The Padres' well-chronicled struggles to put runners on the basepaths prompted the front office to steer in a direction that it hopes will lead to improved hitting, particularly with a lineup they believe will have far more potential in 2019. On Tuesday, MLB.com learned that hitting coach Matt Stairs and
The Padres' well-chronicled struggles to put runners on the basepaths prompted the front office to steer in a direction that it hopes will lead to improved hitting, particularly with a lineup they believe will have far more potential in 2019. On Tuesday, MLB.com learned that hitting coach Matt Stairs and infielders coach Josh Johnson will not return next season after the club wasn't able to take the improved strides it had hoped for.
Stairs and Johnson were each only with the club for one season, which continues a trend of turnover. Stairs, who played with the Padres in 2010 and was the Phillies' hitting coach in '17, was the club's ninth hitting coach in the last 15 seasons.
The club, which has not confirmed the decisions, is still finalizing its staff, but it's believed that the front office will look internally to replace Stairs. Assistant hitting coach Johnny Washington and Triple-A hitting coach Morgan Burkhart are candidates.
The Padres had hoped Stairs would oversee a significant offensive step this season, particularly after the club made a splash in free agency to sign first baseman Eric Hosmer to an eight-year, $144 million deal to fortify a lineup that included former All-Star William Myers, outfielders Hunter Renfroe, Manuel Margot and Franmil Reyes and catcher Austin Hedges, who by most accounts underachieved.
San Diego finished last in on-base percentage (.297) for the fifth straight season, and the club finished third worst in slugging percentage (.380) and batting average (.235) while striking out 1,523 times, which trailed only the White Sox 1,594 tally.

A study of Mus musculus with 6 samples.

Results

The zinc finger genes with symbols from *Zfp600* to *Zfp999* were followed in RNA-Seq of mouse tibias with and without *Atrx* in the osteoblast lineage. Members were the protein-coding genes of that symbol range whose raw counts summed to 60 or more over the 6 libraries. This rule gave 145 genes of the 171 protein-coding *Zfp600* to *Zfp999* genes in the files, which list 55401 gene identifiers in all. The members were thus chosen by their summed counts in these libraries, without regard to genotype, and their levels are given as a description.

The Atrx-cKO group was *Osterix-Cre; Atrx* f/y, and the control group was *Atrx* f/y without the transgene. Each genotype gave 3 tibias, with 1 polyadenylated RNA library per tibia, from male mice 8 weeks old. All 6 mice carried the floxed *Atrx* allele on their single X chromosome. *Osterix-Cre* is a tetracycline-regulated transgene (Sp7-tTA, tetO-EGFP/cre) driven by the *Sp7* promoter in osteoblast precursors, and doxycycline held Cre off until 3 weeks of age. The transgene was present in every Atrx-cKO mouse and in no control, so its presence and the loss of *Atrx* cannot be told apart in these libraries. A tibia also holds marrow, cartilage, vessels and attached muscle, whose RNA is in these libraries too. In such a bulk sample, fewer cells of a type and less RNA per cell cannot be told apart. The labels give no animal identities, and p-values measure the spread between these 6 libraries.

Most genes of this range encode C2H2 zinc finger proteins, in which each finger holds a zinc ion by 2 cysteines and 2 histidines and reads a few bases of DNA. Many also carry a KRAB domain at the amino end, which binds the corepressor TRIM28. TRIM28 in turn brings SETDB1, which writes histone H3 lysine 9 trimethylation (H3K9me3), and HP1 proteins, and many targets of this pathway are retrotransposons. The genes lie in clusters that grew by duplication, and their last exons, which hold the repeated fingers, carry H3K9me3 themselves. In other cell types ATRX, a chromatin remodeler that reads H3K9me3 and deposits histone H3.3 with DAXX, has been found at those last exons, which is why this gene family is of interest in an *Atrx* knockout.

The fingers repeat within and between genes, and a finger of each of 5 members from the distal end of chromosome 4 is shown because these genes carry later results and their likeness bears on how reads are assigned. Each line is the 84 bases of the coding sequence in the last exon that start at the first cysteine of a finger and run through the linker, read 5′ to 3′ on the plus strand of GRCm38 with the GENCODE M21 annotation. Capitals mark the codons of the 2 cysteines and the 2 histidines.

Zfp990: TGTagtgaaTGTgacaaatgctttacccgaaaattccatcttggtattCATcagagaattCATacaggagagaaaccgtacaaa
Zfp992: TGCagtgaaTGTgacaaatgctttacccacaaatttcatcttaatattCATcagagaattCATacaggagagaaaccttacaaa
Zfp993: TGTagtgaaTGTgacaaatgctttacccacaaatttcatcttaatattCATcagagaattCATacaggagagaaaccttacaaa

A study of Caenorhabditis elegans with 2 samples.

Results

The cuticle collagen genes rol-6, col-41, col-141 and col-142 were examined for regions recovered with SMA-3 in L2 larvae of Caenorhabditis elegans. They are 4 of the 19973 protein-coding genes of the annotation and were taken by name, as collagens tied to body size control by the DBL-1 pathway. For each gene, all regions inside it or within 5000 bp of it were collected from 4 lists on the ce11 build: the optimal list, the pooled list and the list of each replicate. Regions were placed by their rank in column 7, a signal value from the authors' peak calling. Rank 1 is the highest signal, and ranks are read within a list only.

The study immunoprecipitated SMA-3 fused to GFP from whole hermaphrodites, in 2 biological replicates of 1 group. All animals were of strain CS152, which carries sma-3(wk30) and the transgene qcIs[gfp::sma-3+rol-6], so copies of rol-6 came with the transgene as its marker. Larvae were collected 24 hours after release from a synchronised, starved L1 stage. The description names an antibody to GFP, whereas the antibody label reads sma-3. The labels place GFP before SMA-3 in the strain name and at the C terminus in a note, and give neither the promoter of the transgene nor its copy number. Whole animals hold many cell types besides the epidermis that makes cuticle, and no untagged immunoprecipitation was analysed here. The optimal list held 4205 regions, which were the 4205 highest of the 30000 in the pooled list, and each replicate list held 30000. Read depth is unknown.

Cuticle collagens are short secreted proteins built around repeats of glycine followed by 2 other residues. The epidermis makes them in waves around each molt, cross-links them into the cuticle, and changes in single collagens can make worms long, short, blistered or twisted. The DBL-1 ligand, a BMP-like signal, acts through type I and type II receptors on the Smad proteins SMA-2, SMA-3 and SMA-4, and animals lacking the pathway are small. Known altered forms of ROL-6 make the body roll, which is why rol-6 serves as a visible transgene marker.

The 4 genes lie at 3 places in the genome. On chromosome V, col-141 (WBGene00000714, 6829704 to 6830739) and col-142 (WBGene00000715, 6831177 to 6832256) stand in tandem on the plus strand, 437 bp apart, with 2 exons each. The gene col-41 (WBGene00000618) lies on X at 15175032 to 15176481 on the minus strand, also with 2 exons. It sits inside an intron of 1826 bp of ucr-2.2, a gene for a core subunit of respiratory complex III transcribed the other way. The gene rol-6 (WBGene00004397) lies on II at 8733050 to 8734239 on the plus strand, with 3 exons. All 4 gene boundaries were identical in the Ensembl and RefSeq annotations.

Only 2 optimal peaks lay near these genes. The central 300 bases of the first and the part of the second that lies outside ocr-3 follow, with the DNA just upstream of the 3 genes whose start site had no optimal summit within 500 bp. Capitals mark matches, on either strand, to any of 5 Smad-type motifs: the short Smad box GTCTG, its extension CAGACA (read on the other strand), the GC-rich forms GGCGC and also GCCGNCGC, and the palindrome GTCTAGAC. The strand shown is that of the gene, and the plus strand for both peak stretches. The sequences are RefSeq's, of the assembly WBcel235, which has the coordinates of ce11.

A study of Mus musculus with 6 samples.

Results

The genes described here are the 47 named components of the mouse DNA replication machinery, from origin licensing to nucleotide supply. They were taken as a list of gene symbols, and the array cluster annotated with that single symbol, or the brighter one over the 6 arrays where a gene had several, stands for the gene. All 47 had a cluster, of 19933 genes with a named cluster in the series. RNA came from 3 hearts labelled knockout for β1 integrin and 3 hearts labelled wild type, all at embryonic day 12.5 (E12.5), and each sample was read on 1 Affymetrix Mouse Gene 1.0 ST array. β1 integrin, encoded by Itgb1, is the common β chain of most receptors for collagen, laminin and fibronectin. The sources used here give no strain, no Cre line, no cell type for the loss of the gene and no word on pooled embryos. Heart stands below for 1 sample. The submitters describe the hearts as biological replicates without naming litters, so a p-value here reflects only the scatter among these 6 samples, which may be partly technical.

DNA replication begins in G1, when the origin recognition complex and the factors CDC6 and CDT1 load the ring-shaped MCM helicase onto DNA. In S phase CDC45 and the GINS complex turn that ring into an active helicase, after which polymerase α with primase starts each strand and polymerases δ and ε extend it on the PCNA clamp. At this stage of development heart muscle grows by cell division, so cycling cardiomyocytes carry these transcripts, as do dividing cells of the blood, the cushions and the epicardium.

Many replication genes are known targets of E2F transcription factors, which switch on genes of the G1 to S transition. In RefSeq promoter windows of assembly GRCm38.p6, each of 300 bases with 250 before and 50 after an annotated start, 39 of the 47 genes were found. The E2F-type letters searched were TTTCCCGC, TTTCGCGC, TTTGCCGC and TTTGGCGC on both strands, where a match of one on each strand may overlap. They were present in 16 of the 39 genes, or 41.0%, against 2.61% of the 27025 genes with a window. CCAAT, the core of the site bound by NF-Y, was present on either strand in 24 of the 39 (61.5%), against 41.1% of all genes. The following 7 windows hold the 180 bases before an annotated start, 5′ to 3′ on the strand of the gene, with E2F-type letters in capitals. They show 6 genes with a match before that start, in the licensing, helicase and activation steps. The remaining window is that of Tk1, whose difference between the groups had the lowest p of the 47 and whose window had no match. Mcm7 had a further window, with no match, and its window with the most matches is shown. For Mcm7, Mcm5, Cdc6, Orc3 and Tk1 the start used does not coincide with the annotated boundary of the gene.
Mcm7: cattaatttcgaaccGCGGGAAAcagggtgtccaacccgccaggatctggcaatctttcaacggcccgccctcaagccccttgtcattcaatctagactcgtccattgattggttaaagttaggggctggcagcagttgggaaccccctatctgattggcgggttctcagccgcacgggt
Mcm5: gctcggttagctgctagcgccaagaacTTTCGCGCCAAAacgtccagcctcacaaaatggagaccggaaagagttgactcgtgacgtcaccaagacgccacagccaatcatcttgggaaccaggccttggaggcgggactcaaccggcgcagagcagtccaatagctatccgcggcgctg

Hosmer went on to have arguably the worst year of his career, hitting .253/.322/.398 with 18 homers and just 69 RBIs while primarily hitting out of run-producing spots in the lineup, second through cleanup. Hosmer had a -0.1 fWAR and 95 wRC+, which were both significant declines from the 4.1 and 135 figures, respectively, that he posted as an All-Star in his final year with the Royals.
Hosmer has been a consistent power threat throughout his career, but the well-reported ground-ball issues that he possessed in Kansas City continued with him, perhaps at a more glaring rate, in San Diego. Hosmer, who sports a long, left-handed swing, in September became more open to creating more lift, an adjustment he had been wary of before. Hosmer's -1.2 degree average launch angle and 61.0 percent ground ball rate ranked worst and second-worst among 228 hitters with at least 250 balls in play.
Renfroe showed signs of improvement, but he didn't take the leap that the club had hoped for, matching his 2017 home run total with 26 while slashing .248/.302/.504 over 117 games. Myers was plagued by three trips to the disabled list, and he finished with a line of .253/.318/.446. Margot struggled so much hitting where the club planned him at leadoff, with a .183/.210/.307 line that he was moved down to the seven- and eight-holes as the season went on.
Daniel Kramer is a reporter for MLB.com based in Denver. Follow him on Twitter at @DKramer_.